Every stop along the way in the playoffs, every new situation, every game this group of 76ers team had never faced before - all of these new experiences are things Doug Collins has cherished for his team as it has maneuvered in the current postseason. Regardless of the individual result, it's all good for the future, according to the coach, even if the present remains an unfinished work.
Now, after all that fresh exposure, the Sixers face a challenge they have seen before . . . a potential elimination game. It arrives in the 12th game of the postseason, later than most expected, but it arrives nonetheless, in the Wells Fargo Center on Wednesday night when the Boston Celtics look to close out an Eastern Conference semifinal series that has brought out the best and worst in both teams.
Last season, the Sixers lost their first three playoff games to the Miami Heat, staved off elimination once and then fell in Game 5 of that opening-round series. Not being swept was a small consolation perhaps, but there was no sense that surviving the one elimination game was because of nothing much more than a brief attention lapse by the Heat.
This time around, however, much more is at stake. If the Sixers are able to hold serve at home and force a Game 7, they will have a real chance to advance to the conference finals for the first time in 11 years and just the second time since 1985. That would be a heady accomplishment for a team that limped to the end of the regular season, barely qualified for the playoffs, and looked like an easy out.
The way opened up for them because of injuries to the top-seeded Chicago Bulls and what appears to be the rapid devolution of the Boston Celtics, but they have taken advantage of the opportunities and, in many stretches, brought to life Collins' vision of an unselfish, sum-of-the-parts team that wins with defense and speed.
Getting to the next round would be an affirmation of the coach's vision as well as a nice reward for the players who have to hear about it every day. Getting there ain't going to be easy, though. Winning two in a row against a Celtics' team that is very motivated to get this thing over is a challenge that might be good for the experience bank, but little more than that. We'll see. It has been an unpredictable series, which is a reflection of its participants: one too young to be dependable and one too old.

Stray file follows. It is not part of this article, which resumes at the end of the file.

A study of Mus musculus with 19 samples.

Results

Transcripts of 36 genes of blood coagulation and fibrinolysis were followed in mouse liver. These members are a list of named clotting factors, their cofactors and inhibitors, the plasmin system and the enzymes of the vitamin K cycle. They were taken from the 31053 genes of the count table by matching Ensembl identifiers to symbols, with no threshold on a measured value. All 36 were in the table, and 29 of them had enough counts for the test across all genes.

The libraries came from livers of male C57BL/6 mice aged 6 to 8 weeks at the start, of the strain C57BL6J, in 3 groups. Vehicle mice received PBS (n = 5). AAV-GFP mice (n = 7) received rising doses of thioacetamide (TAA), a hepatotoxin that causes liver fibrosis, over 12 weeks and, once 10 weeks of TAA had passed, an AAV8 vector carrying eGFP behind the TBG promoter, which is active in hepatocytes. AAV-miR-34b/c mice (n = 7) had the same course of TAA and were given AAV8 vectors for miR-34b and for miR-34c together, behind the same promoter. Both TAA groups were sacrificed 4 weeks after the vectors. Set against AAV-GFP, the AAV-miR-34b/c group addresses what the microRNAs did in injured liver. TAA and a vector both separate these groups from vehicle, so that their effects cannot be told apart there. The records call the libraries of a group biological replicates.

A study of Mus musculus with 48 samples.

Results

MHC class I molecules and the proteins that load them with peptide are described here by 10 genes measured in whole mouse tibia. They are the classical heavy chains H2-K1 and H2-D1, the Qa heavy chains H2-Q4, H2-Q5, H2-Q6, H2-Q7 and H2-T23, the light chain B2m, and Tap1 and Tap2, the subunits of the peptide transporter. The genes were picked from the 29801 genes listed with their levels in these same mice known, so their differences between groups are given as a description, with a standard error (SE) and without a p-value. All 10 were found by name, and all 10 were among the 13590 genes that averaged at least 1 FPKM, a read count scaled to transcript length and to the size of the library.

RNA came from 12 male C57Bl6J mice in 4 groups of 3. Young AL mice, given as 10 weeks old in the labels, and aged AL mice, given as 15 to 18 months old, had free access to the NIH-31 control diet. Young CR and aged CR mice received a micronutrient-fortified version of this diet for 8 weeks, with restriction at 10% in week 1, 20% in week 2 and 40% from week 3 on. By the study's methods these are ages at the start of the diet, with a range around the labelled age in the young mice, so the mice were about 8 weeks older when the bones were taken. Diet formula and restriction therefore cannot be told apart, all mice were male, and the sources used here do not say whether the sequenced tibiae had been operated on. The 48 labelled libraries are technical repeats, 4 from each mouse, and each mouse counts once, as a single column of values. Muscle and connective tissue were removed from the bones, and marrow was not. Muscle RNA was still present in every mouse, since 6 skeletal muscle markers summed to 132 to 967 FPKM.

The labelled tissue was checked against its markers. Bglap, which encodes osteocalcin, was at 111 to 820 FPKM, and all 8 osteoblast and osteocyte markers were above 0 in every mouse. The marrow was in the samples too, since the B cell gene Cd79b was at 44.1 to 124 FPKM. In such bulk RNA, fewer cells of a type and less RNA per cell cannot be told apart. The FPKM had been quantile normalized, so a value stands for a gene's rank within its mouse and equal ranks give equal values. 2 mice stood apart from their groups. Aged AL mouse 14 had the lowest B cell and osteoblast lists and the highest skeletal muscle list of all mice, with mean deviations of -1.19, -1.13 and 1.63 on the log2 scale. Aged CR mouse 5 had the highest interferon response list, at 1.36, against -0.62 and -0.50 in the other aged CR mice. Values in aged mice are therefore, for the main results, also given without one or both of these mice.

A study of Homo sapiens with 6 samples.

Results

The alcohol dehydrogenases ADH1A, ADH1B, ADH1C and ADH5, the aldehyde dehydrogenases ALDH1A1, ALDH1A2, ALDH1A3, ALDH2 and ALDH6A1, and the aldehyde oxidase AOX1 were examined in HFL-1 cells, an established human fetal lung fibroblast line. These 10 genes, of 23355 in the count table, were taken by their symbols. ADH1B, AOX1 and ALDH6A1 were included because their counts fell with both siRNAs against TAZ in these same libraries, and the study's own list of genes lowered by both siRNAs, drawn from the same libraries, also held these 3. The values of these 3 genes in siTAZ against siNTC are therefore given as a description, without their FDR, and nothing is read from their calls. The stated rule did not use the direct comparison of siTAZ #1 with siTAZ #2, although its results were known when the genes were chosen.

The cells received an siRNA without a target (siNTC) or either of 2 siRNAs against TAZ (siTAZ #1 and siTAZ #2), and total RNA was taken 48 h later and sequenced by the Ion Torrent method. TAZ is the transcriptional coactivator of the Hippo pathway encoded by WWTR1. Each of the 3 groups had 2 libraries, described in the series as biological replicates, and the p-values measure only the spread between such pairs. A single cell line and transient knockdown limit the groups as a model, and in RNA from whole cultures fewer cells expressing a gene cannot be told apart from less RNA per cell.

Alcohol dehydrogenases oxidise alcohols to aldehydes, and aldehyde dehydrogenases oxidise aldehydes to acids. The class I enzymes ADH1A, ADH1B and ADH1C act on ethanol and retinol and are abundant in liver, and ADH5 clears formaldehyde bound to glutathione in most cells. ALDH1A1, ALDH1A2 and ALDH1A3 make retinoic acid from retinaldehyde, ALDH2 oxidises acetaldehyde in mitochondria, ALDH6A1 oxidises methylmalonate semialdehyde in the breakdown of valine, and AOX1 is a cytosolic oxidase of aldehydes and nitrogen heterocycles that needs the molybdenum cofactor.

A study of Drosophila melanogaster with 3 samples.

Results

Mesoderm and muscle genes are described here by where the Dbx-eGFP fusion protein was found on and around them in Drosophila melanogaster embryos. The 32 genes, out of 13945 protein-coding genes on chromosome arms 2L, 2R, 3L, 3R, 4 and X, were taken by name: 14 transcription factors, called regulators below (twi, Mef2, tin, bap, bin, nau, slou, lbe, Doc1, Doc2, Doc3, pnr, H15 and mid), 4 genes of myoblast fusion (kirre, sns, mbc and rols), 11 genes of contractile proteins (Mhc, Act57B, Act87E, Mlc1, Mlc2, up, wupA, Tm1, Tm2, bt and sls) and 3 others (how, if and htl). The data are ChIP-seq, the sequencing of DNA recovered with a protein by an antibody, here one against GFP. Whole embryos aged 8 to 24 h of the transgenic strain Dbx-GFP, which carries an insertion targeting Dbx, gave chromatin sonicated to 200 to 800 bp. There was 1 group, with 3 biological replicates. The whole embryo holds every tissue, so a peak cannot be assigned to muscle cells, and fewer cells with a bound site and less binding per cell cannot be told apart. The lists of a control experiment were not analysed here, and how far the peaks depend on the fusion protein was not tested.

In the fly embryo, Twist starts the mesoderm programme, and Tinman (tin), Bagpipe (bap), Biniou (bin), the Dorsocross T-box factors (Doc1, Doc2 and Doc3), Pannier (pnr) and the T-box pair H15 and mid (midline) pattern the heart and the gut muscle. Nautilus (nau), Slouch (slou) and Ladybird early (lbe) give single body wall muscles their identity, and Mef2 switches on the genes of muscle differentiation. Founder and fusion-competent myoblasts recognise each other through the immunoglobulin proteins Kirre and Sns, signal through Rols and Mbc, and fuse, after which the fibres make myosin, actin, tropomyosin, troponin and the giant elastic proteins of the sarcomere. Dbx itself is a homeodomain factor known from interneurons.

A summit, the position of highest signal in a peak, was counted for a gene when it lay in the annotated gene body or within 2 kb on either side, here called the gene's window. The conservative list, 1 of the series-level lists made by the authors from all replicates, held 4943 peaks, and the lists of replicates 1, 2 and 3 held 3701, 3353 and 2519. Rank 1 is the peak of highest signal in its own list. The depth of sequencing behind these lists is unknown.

"Our season's over if we lose this game, so the pressure is different and the energy level has to be different," Elton Brand said. "We need to find a way to win this game."
There is plenty to improve upon after a game Monday in which the Sixers fell apart in the third quarter, although the game was also lost when they failed to take advantage of a hot first half and then, after falling behind, failed to respond to getting smacked.
"We didn't match their tenacity," Collins said.
After four games of trying to decide whether the Celtics should play a big lineup or a small lineup, Doc Rivers went big because he had no other choice. Starting guard Avery Bradley is out with a shoulder injury and Ray Allen is a shell of himself, so Rivers looked down the bench in the crucial third quarter and selected Brandon Bass to save the day. Nice call. Bass scored a career playoff-high 27 points, with most of it coming against the smaller Sixers' frontcourt of Lavoy Allen, Thaddeus Young, and Andre Iguodala.
It turned out to be a good matchup for the Celtics, but only because the Sixers didn't finish their defensive rotations. They got to the first pass or the first screen, but didn't keep up when the Celts kept moving the ball. Credit for that goes to point guard Rajon Rondo, who had another 14 assists and who schooled Jrue Holiday in the nuances of the position. After halftime, Holiday had zero points, zero rebounds, two assists, and three turnovers.
Collins has to rethink his philosophy in the frontcourt, particularly if Bass continues to lift his older teammates. His options aren't plentiful, although Spencer Hawes and Brand can take up some room, and he does have 12 idle fouls sitting on the bench in the form of Nik Vucevic and Tony Battie, both of whom should be well rested if nothing else. Waiting for Young (30 points in five games) to turn into a go-to playoff performer doesn't seem advisable any longer.
"The big thing is you have to keep competing and make it a rougher game. You can't let them walk into their shots, get to certain spots," said Evan Turner. "You've got to make it tougher for them."
That's one idea and it's worth a try, particularly at home where the 76ers might get the benefit of being allowed to muscle up. Anything is worth a try at the moment, because there might not be that many moments left.
They are heading for another valuable experience. Only that much is certain. As for the rest, after five games of this strange series, any guess is good.
Contact Bob Ford at firstname.lastname@example.org, read his blog at philly.com/postpatterns and follow @bobfordsports on Twitter.